Tribune-Star Statehouse Bureau
Indiana Gov. Mitch Daniels was working at home on a recent Friday when I reached him to talk about the 2010 Census and the numbers that show how Indiana has changed over the past decade.
At 62, the governor is in the state’s fasting growing age cohort: the so-called Baby Boomers born between 1945 to 1965. Well-educated, well-traveled, and well-moneyed, it’s guys like him who are changing the image of what it means to be “senior citizen.”
While he’s been eligible for membership in the AARP for seven years (when he turned 55), and close to the traditional retirement age of 65, it’s hard to envision the man taking advantage of “early bird” restaurant specials for elderly eaters or playing gin rummy at the local senior citizens center.
The motorcycle-riding Daniels is a fitness buff. The last serious injury he sustained was when someone inadvertently opened a door in his face, hitting the governor hard enough that he needed stitches in his forehead. Daniels had just finished working out at the National Institute of Fitness and Sports, a behemoth of a gym near the Indiana Statehouse, when the injury occurred.
When I was talking to the governor about the 2010 Census numbers, I didn’t ask him how he’d spent the earlier part of his morning. But I doubt if he’d been sitting in his robe and slippers, whiling away the hours.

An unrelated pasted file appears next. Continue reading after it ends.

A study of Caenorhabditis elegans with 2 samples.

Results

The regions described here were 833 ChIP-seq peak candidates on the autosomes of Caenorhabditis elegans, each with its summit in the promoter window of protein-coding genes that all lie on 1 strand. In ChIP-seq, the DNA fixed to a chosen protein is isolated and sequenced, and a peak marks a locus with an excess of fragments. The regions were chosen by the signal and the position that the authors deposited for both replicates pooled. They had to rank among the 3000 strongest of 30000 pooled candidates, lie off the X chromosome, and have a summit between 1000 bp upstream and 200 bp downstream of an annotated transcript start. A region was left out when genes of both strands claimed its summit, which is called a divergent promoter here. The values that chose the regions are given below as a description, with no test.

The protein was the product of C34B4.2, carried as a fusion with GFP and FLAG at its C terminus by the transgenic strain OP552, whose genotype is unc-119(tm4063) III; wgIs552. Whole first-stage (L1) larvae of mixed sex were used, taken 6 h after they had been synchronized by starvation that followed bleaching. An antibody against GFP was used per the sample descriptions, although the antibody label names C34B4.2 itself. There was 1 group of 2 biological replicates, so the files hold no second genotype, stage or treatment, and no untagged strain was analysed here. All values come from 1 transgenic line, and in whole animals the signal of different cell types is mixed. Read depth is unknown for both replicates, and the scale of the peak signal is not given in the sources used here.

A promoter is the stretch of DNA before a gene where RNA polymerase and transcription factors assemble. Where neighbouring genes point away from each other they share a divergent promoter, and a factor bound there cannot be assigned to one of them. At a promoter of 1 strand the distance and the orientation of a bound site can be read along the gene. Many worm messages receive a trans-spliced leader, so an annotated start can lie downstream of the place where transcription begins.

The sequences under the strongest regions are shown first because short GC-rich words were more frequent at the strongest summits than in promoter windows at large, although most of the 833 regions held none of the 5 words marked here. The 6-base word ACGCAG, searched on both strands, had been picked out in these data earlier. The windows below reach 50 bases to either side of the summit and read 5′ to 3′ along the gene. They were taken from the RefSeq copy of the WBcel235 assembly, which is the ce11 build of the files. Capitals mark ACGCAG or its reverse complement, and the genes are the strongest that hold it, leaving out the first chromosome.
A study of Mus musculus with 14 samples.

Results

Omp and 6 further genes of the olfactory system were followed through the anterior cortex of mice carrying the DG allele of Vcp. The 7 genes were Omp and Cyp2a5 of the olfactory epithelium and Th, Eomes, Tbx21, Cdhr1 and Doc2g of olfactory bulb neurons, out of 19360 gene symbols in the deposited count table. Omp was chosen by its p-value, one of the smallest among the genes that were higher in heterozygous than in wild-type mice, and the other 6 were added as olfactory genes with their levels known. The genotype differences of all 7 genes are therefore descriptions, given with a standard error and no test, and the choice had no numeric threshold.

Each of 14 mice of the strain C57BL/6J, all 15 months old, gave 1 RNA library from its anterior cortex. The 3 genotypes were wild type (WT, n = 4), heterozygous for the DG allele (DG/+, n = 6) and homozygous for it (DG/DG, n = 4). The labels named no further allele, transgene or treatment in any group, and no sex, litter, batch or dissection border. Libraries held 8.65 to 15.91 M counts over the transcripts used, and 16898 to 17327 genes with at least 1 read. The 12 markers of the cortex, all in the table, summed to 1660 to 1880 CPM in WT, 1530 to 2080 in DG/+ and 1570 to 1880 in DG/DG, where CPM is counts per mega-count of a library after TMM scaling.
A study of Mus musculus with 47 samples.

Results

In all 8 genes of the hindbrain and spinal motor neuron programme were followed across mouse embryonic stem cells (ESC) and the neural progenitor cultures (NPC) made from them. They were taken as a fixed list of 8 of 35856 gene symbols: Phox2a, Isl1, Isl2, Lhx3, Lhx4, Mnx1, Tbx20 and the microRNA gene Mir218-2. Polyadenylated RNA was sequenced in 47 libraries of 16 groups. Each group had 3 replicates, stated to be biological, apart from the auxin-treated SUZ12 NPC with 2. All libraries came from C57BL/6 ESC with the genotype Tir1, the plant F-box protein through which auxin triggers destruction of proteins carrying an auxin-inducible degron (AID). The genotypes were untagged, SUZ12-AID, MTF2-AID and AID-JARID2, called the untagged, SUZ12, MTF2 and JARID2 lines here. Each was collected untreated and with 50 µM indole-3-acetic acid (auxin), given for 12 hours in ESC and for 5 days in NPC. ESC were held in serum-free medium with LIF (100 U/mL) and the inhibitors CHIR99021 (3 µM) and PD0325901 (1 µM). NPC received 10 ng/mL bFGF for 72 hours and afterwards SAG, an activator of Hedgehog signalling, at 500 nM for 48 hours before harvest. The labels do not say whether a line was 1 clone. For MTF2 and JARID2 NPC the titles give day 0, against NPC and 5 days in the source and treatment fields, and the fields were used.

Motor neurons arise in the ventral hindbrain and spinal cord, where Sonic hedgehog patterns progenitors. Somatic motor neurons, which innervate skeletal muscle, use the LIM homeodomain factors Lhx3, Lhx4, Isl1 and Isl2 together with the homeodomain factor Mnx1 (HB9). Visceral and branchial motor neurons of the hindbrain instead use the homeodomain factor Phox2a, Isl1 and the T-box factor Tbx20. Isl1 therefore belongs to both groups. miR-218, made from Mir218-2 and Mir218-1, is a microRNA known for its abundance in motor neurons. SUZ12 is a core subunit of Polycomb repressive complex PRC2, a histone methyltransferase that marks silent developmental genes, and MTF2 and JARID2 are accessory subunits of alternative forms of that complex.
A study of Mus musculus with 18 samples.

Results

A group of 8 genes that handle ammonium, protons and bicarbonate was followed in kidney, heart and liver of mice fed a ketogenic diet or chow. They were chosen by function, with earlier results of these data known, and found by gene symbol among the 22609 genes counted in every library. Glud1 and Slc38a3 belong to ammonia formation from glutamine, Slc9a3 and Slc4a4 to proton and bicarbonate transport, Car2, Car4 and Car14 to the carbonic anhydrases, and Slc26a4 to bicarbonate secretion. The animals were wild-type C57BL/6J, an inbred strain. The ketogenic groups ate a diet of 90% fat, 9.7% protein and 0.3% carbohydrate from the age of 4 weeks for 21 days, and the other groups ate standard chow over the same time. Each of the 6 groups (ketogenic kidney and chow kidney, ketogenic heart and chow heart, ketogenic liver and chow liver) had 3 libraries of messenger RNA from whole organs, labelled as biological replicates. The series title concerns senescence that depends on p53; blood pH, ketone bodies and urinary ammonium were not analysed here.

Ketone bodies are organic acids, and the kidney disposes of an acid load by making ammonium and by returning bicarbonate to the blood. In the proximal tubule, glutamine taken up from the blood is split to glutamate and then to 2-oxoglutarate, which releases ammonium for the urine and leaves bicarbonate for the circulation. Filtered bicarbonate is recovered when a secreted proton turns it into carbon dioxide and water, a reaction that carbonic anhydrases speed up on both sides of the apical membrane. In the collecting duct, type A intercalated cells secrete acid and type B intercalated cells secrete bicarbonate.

Daniels and his wife, Cheri — who swears by her 10-miles-a-day walk for heart health, are part of what Noble Stallons, the former chairman of the Indiana Commission on Aging, call the “go-go” group of the post-60 group of Americans who are changing expectations amount what it means to age.
Borrowing from financial planner and author Michael Stein who came up with the categories to describe how to plan for retirement, Stallons said the “go-goers” have good enough health and at least at little bit of wealth to keep working or playing with not much concession to age. There’s also the “slow go” group that Stallons said he’s recently shifted into, at the age of 76, after spending much of his retirement years as a go-goer.
My 84-year-old mother, who gave birth to 10 children and until recently worked the front 20 acres on the family farm I grew up on, has been a go-goer all of her life. She slid unwillingly into the slow-go group after some injuries and ill health. She’s fighting the move into the “no go” group — people who are sedentary often due to factors beyond their control, like the death of a spouse or physical or mental limitations.
As Indiana ages, like much of the rest of nation, there’s more go-goers, slow-goers, and no-goers among us, and more on the way. What that means for Hoosier communities is part of what the CNHI Indiana newspapers will explore in its “Census 2010: Change in Indiana” series that will run in many of those newspapers over the July 4 weekend.
Maureen Hayden is Statehouse bureau chief for CNHI Indiana newspapers. She can be reached at email@example.com.